U.S. President Barack Obama and his wife Michelle have hosted the 136th annual Easter Egg Roll at the White House.
Baseball star David 'Big Papi' Ortiz met President Obama today and, naturally, asked for a selfie.
Barack Obama warned Russia that the West will be forced to apply a cost to Moscow if it fails to change course in its dispute with Ukraine.
Although there are significant differences between the US and British electoral systems, Ed Miliband's decision to take on one of Barack Obama's key strategists, David Axelrod, can hardly hurt the Labour leader's chances.
ITV News Political Correspondent *Romilly Weeks *reports.
David Axelrod, one of US President Barack Obama's top strategists, has been warmly welcomed by Labour after joining their election team, however that did not stop the party's website from misspelling his name.
The news release spelled his name 'David Alexrod' but the website has now corrected the error.
President Obama strategist David Axelrod has tweeted he is proud to be working with Ed Miliband.
Labour leader Ed Miliband has welcomed the news US presidential strategist David Axelrod is to join the party's election campaign.
He said: "It's excellent news that David has agreed to help One Nation Labour win the next election and build our campaign to change Britain so hard-working people are better off.
"He will be a huge asset to our campaign as we work to show the British people how we can change our country for the better."
One of US President Barack Obama's top campaign strategists has been recruited by Labour to play a key role in Ed Miliband's bid for Downing Street in next year's general election.
David Axelrod, who is credited with masterminding Mr Obama's presidential victories in 2008 and 2012, will join Labour's general election campaign team as a senior strategic adviser, the party announced.
Joe Biden has joined in with the selfie craze with none other than Barack Obama.
The US Vice President posted the photograph - taken in the back of the presidential limousine- on Instagram with the message: "Found a friend to join my first selfie on Instagram, Thanks for following and stay tuned. VP."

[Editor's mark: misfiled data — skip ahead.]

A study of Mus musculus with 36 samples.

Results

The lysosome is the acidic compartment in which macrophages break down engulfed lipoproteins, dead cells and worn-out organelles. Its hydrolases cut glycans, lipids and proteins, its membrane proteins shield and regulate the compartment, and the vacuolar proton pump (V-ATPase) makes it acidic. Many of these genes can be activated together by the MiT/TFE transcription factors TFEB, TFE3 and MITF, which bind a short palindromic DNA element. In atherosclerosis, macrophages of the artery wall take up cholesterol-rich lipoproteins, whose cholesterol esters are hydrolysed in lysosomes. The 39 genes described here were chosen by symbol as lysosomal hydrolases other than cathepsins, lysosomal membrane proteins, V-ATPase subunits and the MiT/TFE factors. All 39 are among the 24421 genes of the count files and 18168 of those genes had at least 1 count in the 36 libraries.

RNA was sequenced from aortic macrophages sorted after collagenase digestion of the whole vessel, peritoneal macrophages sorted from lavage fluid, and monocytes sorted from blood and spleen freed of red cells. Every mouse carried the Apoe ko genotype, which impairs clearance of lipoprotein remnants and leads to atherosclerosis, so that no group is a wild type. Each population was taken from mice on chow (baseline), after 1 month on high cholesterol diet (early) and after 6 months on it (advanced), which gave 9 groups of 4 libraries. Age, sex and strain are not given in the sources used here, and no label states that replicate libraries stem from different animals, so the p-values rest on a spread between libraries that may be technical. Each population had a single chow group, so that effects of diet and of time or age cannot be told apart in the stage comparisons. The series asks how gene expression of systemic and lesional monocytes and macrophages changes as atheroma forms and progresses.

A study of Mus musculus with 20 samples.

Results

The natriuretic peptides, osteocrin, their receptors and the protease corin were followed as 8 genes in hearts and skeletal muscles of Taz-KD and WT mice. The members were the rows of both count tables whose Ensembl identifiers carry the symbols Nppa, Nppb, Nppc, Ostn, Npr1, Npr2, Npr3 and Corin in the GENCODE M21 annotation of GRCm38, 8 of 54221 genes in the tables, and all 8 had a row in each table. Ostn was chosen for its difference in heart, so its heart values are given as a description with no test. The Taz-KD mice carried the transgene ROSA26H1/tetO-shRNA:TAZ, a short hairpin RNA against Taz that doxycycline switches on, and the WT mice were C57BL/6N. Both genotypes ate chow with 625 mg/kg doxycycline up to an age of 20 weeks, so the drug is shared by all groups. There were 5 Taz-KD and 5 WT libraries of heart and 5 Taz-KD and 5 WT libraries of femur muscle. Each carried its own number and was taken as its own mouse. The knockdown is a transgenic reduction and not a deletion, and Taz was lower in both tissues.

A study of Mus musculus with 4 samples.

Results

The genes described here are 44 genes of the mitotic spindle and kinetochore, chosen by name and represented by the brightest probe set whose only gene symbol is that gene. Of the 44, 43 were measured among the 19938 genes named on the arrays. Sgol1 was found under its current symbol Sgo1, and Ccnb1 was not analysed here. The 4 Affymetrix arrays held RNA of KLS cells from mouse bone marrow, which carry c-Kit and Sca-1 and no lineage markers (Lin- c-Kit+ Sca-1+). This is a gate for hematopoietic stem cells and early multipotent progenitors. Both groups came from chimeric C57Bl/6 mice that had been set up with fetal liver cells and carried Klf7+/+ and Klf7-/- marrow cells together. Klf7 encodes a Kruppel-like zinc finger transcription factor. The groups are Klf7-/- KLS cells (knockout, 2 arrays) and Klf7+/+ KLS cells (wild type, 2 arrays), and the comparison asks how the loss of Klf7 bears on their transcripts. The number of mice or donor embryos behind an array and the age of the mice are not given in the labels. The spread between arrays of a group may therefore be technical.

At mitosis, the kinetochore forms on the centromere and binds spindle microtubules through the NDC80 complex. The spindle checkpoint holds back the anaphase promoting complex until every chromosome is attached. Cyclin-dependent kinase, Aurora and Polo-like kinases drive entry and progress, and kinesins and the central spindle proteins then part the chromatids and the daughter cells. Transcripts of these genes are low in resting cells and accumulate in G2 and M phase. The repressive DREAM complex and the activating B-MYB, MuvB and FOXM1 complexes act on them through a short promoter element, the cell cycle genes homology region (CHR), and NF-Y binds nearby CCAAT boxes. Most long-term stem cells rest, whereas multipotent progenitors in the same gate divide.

President Barack Obama has paid tribute to the people of Boston one year on from the marathon bombings, recognising the "incredible courage and leadership of so many Bostonians in the wake of unspeakable tragedy."
Obama said: "We also know that the most vivid images from that day were not of smoke and chaos, but of compassion, kindest and strength: A man in a cowboy hat helping a wounded stranger out of harm's way; runners embracing loved ones, and each other; an EMT carrying a spectator to safety.
"We offer our deepest gratitude to the courageous firefighters, police officers, medical professionals, runners and spectators who, in an instant, displayed the spirit Boston was built on - perserverance, freedom and love.
"One year later, we also stand in awe of the men and women who continue to inspire us - learning to stand, walk, dance and run again."
President Obama spoke by telephone with German Chancellor Angela Merkel to discuss the ongoing situation in Ukraine, White House spokesman Jay Carney told reporters.
Carney said the call, which happened while Obama was traveling on Air Force One from Austin, Texas, was "just to check in on the situation." He said more details would be provided later on Thursday.
A federal judge has dismissed a lawsuit filed against the US government by the families of three American citizens killed in US drone strikes in Yemen in 2011.
The families of the three, including New Mexico-born militant cleric Anwar al-Awlaki, sued over their deaths, arguing that the killings were illegal.
Judge Rosemary Collyer of the US District Court in Washington threw out the case, but said it raised serious constitutional issues.
"The question presented is whether federal officials can be held personally liable for their roles in drone strikes abroad that target and kill US citizens," Collyer said. "The question raises fundamental issues regarding constitutional principles, and it is not easy to answer."
A lawyer with The American Civil Liberties Union called the decision "deeply troubling."
Nasser al-Awlaki, father of Anwar al-Awlaki, said in a statement he was disappointed in the American justice system and "like any parent or grandparent would, I want answers from the government when it decides to take life, but all I have got so far is secrecy and a refusal even to explain."